Understanding Vaccine Adjuvants

How are vaccine immune responses strengthened?

Vaccines work by stimulating the immune system to produce antibodies and immune cells that recognize the antigens—foreign proteins—in the vaccine. These antigens are normally found in harmful pathogens (viruses and bacteria) which cause disease. The idea is to prepare the immune system so that if a person is exposed to the pathogen later, the immune system can respond and prevent an illness from developing.

The immune system has two separate arms (see March 2004 Primer on Understanding the Immune System, Part II). One arm is responsible for the cell-mediated response. In this arm, certain kinds of immune cells called killer T cells are produced that can destroy infected cells. These killer T cells are sometimes called CD8+ T cells. Another kind of immune cell is the helper T cell, and these cells help coordinate the other parts of the immune response. Helper T cells are sometimes called CD4+ T cells and are what are measured when people refer to "CD4 cell counts" in HIV infection.

The second arm of the immune response is called the antibody or humoral response. Here, B cells recognize the antigen and produce antibodies that can attach to it. When these antibodies attach to the antigen on the pathogen they "neutralize" it. This means that the pathogen can no longer infect cells and cause infection.

Once T or B cells have been exposed to a foreign antigen, they produce memory cells that remember that antigen (see February 2004 Primer on Understanding the Immune System, Part I). If the pathogen with that antigen enters the body at a later time, these memory cells can respond quickly and strongly to stop any infection and disease. So, for example, if someone who has been vaccinated against measles is exposed to the measles virus, his or her body will immediately recognize the virus and will destroy it.

Helping hand

But most antigens in vaccines do not stimulate the immune system enough on their own, they need a helping hand. This extra help can be provided by compounds called adjuvants. Different adjuvants can increase the strength of the immune response in a number of different ways. After a vaccine is injected, over time it is cleared away by the body. Some adjuvants can increase the amount of time that the vaccine antigen remains at the injection site, allowing the immune system to respond for longer and more strongly. It is a type of sustained-release mechanism, a so-called "depot effect."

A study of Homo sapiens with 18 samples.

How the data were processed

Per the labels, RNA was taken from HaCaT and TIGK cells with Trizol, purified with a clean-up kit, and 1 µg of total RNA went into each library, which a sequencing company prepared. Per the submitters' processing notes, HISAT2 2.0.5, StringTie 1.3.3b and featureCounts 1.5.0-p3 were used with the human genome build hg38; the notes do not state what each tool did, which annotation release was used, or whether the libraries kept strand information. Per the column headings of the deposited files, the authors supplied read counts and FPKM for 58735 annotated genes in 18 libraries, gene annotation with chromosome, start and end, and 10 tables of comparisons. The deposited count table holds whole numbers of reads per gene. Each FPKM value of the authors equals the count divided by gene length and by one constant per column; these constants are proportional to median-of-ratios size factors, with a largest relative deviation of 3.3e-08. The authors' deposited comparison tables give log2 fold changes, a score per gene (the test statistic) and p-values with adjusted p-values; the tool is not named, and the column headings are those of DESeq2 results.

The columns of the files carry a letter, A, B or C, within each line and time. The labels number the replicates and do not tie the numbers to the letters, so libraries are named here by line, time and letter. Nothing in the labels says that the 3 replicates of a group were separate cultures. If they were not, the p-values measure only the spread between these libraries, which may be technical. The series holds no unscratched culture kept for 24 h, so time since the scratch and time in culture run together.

Other adjuvants can cause helper T cells and other immune cells to become active by "showing" (or presenting) the vaccine antigen in a better way. Since helper T cells help coordinate many other parts of the immune response, adjuvants that work this way can strengthen killer T cell and antibody responses to the vaccine antigen. Other adjuvants work by causing a granuloma to form. This is a mass of cells loaded with other immune cells called macrophages. Macrophages work by presenting foreign antigens to other immune cells so that they can recognize it and make an immune response. In addition, some adjuvants can stimulate immune cells to produce factors called cytokines. These cytokines can then act on a variety of immune cells to produce more antibody or stronger immune cell responses.

Adjuvants and AIDS vaccines

Although scientists do not know if an AIDS vaccine will need an adjuvant, it is likely that it will. Some licensed vaccines against other diseases contain whole viruses or whole bacteria in them. But the kinds of vaccines that will be used against HIV will contain only portions of HIV’s genetic material, to ensure that it is safe (see September 2004Primer on Understanding Viral Vectors). These portions will probably not be as good at causing an immune response as the whole intact virus would be. Because of that, AIDS vaccines will likely need adjuvants to help make the immune response stronger.

The most commonly used adjuvants are aluminum (alum) based compounds—for example aluminum hydroxide. This has been used in billions of doses of vaccines for other diseases and is effective at increasing the length of time an antigen is present, from days to as much as weeks. Recent studies on aluminum hydroxide adjuvant show that it stimulates the production of specific types of immune cells called antigen presenting cells (APCs). These APCs pick up the antigen and present it to T cells.

Various adjuvants are now being tested or considered for use with candidate AIDS vaccines. These range from adjuvants designed to act on specific parts of the immune response to bacterial protein adjuvants which will stimulate immune cells more generally.

Mixtures of adjuvant compounds are becoming increasingly popular. Among these is a mixture of MPL (monophosphoryl lipid A) plus alum, called AS04. It is now being tested in Phase III clinical trials, the large clinical trials that test the safety and effectiveness of a vaccine. AS02 is an adjuvant that contains an oil-in-water mix and MPL plus saponin, a plant extract. A malaria vaccine with AS02 has demonstrated promise in a recent efficacy trial, a study which showed actual protection against disease.

Toll-like receptors (TLRs) are areas on various immune cells that "sense" the initial presence of pathogens by attaching to it. Once TLRs have attached to a pathogen a whole range of inflammatory and immune responses involving many cells are set in motion. New adjuvants are being developed that target different TLRs and will activate only certain parts of the immune response.

Because AIDS vaccines will be unlike most other vaccines that have been licensed, specifically targeted adjuvants may lead them to produce a stronger, longer-lasting immunity.